Mozambique and Tanzania have held high-level talks on a number of issues, including terrorism in Cabo Delgado, as Total pushes for more security.
The French company reduced staffing at its Mozambique LNG site early in January as the insurgency reached the gates of the project.
Mozambique President Filipe Nyusi flew into Tanzania on January 11 for talks with President John Magufuli.
Talks appear to have been positive. Nyusi said there were divisions within the Islamist insurgents in Mozambique’s north, suggesting that it was led by foreigners. He appeared to offer an amnesty to those fighters who re-joined society. However, this offer was not open to the leaders.
Previously, the Mozambique government has been resistant to outside support in tackling the Cabo Delgado problems but there are some signs this is changing.
Magufuli welcomed Nyusi to his home town of Chato. The two countries are “brothers”, he said, and the two sides are determined to co-operate.
The Southern African Development Community (SADC) are expected to hold further talks on the Mozambique insurgency this month.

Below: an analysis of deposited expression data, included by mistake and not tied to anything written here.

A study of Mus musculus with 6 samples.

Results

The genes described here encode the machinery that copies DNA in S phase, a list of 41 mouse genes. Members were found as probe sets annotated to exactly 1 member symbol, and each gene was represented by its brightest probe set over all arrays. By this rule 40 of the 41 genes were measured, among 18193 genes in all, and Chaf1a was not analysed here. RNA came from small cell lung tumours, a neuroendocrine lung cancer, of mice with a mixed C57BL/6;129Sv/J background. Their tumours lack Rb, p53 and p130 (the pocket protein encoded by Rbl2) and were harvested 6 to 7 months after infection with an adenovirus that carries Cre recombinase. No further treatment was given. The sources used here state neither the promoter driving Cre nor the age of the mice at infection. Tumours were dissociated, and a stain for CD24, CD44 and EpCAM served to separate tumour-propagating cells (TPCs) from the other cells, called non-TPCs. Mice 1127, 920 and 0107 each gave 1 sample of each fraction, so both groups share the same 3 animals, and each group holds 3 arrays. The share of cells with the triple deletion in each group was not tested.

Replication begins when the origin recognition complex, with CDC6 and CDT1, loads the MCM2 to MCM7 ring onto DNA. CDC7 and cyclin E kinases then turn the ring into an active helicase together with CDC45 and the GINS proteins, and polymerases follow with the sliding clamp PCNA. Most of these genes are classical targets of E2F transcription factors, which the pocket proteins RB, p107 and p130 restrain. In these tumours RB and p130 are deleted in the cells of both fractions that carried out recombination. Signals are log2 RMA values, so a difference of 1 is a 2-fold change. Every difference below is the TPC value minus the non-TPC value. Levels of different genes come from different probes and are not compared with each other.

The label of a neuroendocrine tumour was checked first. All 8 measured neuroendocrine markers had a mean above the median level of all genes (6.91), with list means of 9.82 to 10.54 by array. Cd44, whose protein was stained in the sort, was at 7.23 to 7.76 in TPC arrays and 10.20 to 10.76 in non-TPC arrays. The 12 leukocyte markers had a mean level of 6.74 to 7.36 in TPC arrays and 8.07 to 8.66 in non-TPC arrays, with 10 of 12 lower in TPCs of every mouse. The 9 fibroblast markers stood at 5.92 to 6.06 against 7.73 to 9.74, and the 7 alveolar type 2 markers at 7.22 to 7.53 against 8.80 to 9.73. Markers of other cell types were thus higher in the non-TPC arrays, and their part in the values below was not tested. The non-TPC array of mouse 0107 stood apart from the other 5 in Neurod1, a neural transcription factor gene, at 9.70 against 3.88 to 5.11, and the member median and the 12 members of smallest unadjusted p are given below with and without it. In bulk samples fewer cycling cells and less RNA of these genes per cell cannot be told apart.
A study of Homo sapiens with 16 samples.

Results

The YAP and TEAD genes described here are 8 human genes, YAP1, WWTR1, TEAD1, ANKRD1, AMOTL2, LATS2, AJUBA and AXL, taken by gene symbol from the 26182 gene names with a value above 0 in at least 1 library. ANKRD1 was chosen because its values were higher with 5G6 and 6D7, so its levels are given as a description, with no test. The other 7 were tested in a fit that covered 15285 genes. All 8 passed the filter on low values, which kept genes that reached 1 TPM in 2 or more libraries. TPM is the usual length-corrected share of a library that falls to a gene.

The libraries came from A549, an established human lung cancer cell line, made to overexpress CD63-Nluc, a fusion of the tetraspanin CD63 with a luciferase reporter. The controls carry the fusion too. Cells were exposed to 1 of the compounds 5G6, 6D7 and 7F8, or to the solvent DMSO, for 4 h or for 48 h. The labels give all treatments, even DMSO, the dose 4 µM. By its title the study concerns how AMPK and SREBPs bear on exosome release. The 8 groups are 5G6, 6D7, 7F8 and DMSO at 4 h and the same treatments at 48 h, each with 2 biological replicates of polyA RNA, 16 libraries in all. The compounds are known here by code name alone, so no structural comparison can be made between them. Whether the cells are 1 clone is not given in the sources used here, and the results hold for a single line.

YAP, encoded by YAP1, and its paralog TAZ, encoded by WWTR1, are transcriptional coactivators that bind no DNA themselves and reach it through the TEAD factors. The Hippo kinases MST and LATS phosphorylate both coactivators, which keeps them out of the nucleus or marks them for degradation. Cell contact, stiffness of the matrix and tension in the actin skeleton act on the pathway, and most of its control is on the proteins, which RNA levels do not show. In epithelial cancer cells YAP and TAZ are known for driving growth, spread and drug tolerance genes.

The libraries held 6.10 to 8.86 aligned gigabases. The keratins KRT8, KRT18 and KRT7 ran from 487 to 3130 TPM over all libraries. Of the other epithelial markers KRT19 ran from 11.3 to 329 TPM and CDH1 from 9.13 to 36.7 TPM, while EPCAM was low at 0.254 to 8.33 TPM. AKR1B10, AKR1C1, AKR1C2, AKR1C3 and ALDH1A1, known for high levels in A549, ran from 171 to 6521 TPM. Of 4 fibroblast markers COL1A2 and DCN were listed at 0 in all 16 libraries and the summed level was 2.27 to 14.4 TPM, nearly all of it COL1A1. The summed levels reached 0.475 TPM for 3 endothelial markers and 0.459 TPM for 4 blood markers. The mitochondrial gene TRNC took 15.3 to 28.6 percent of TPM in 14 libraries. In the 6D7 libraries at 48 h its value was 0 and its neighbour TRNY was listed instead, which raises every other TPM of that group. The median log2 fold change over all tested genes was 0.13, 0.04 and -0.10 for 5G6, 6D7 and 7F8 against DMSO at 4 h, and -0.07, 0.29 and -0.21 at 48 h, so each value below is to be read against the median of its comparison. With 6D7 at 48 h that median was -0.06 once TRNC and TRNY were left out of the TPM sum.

Delays and disruption
Africa Monitor reported last week that France’s external security intelligence agency DGSE had opened an office Maputo. This comes amid increasing frustration from Total around continued insecurity in Cabo Delgado. The report named three issues for the French company: a failure to uphold security guarantees from the October deal, a lack of political solutions and a lack of military intervention.
Analysis from IHS Markit said there was a “very low” chance of an effective response to the insurgency in 2021. The consultancy said the scope was actually likely to expand, into Niassa and southern Tanzania.
IHS Markit went on to predict that Mozambique LNG would be delayed by “at least a year”. Further disruption and delays are “looking more and more likely”.
The insurgents have only limited capability as yet, IHS Markit’s Eva Renon and Langelihle Malimela said. Corruption, defections and competition between the police, the army and private contractors have helped.
“Insurgents’ lack of rapid boats, IEDs and long-range rockets, precludes any attack on the LNG offshore facilities, aircrafts, and commercial maritime cargo but their significant revenues make it likely that, if left unhindered, they will progressively acquire this technology from the second half of 2021,” the consultancy report concluded.